Fibers For Nonwovens Recovering Slightly

first quarter man-made staple shipments to nonwovens customers are up 11% from a year earlier, but 3% under the final 1990 quarter On the whole, the year has started off pretty well. In the first quarter of this year, domestic producers of olefin, polyester and rayon staple shipped a total of 139 million pounds of fibers to their nonwoven roll goods customers. This represented a decline of four million pounds (3%) compared with the immediately preceding quarter. However, compared with the corresponding quarter one year ago the latest figure represents an increase of 14 million pounds, or 11%. The latest figure consisted of 63 million pounds of olefin, 57 million pounds of polyester and approximately 19 million pounds of rayon staple. As noted previously, precise figures on rayon staple sales by trade classification are no longer available for disclosure reasons.

The nonwovens business continues to hold up better than the conventional markets for the three fibers. Compared with the most recent quarter, first quarter sales this year were down 6% for the other markets, compared with 3% for nonwovens. Comparing the first quarter this year with 1990, nonwovens were up 11% while conventional markets declined 8%.

Olefin staple continues to lead the way in the nonwovens industry, with shipments reaching 63 million pounds, a new high. Olefin's share of the market rose to 45% from 42% in both the previous quarter and the corresponding quarter of 1990.

Olefin's gain is reflected in polyester's loss. Sales in the latest period dropped to 57 million pounds, nine million pounds less than the immediately preceding period but three million pounds better than in the first quarter of last year. In terms of market share, however, polyester dropped to 41% in the most recent quarter, its lowest share of the business since the second quarter of 1988.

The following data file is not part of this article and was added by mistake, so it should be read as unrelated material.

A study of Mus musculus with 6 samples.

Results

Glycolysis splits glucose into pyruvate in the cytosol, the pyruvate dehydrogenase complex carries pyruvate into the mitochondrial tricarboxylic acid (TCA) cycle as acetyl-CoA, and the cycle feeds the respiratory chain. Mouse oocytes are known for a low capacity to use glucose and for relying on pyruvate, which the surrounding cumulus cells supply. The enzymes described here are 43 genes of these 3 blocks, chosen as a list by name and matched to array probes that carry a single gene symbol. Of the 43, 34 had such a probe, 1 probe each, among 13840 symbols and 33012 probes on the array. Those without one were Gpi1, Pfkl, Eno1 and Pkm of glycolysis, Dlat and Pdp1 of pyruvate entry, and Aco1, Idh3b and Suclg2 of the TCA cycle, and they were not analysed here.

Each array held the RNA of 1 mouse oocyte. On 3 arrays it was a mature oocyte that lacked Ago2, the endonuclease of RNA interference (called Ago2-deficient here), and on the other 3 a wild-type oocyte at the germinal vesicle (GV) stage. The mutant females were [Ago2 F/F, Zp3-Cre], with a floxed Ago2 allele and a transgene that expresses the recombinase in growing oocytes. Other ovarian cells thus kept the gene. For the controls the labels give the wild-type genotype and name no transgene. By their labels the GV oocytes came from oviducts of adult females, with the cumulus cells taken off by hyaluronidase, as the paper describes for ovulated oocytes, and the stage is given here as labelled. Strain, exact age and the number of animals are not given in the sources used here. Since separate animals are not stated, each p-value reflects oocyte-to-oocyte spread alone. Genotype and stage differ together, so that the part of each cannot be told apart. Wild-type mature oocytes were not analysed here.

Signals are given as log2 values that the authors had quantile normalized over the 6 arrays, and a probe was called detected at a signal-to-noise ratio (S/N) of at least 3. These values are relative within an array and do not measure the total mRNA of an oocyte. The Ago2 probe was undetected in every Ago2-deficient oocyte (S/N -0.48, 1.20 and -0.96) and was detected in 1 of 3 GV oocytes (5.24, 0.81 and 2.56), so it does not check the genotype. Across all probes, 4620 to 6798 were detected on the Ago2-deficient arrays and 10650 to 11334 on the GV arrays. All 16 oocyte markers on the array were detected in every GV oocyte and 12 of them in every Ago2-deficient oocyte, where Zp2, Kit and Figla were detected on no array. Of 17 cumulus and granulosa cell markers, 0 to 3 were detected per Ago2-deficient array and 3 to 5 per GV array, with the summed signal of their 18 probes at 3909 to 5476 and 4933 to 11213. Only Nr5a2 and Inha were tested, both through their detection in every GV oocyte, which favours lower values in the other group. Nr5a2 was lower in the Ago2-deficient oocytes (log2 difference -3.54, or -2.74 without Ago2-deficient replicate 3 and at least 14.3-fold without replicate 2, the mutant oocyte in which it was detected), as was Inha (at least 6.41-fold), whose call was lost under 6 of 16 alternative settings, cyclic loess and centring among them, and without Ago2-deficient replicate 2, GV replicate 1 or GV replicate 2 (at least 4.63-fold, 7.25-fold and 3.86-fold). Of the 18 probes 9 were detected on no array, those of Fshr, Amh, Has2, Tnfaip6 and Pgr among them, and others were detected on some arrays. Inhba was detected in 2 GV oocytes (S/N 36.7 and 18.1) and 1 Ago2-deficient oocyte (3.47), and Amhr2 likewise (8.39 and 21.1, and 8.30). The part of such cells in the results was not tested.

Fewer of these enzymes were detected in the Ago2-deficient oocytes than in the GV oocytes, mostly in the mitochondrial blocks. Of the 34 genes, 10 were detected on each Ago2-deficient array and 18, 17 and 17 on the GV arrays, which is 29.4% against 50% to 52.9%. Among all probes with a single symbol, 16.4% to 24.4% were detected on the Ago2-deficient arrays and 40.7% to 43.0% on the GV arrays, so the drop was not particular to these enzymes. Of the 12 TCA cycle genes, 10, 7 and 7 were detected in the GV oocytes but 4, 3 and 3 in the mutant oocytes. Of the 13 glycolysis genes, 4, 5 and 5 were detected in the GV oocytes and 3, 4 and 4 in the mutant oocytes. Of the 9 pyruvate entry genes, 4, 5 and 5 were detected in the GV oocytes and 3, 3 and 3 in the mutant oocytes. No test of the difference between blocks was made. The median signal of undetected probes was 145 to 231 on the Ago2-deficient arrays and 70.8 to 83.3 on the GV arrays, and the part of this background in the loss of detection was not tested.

Rayon staple shipments by domestic producers were approximately 19 million pounds, 12% up from the final three months of 1990. There are, however, substantial quantities of imported rayon staple going into nonwovens markets--and these are not reflected in the data reported by the Fiber Economics Bureau, which counts only shipments by domestic producers of man-made fibers.

Last year, imported fiber represented about one-third of all the rayon staple used in the nonwovens business. Specifically, domestic producers sold about 72 million pounds to roll goods manufacturers while imported fiber used by those same customers amounted to some 37 million pounds, for a total rayon staple use in 1990 of 109 million pounds. If the same import ratio prevailed in the first quarter, then total use of rayon in that period was in the order of 28-29 million pounds (19 million domestic plus 9-10 million pounds of imports). So far as is known, use of imported polyester for nonwovens is small, while imports of olefin staple for any use are negligible. Thus, the data for polyester and olefin shipments to nonwovens are broadly representative of the total market, but the rayon staple figures portray only about two-thirds of the total.

Olefin staple depends heavily upon nonwovens for its business--last quarter 65% of all olefin staple used was consumed in that market. In the case of polyester, nonwovens are a good but by no means dominant market outlet--only 12% of polyester shipments went to nonwovens. In rayon's case, nonwovens absorb about one quarter of domestic shipments.

After a surprisingly strong fourth quarter 1990 shipment figure of 101 million pounds, sales of polyester fiberfill in the first quarter dropped slightly (4%) to 97 million pounds. However, the most recent figure represented a 7% increase over the first quarter of last year. In short, both fiberfill and nonwovens have gotten off to a reasonably good start if first quarter shipments are any indicator. [Graph Omitted]
Author:Harrison, David
Publication:Nonwovens Industry
Article Type:column
Date:Sep 1, 1991
Previous Article:Lasting changes ... or, will you still love me tomorrow?
Next Article:The top companies in the worldwide nonwovens industry.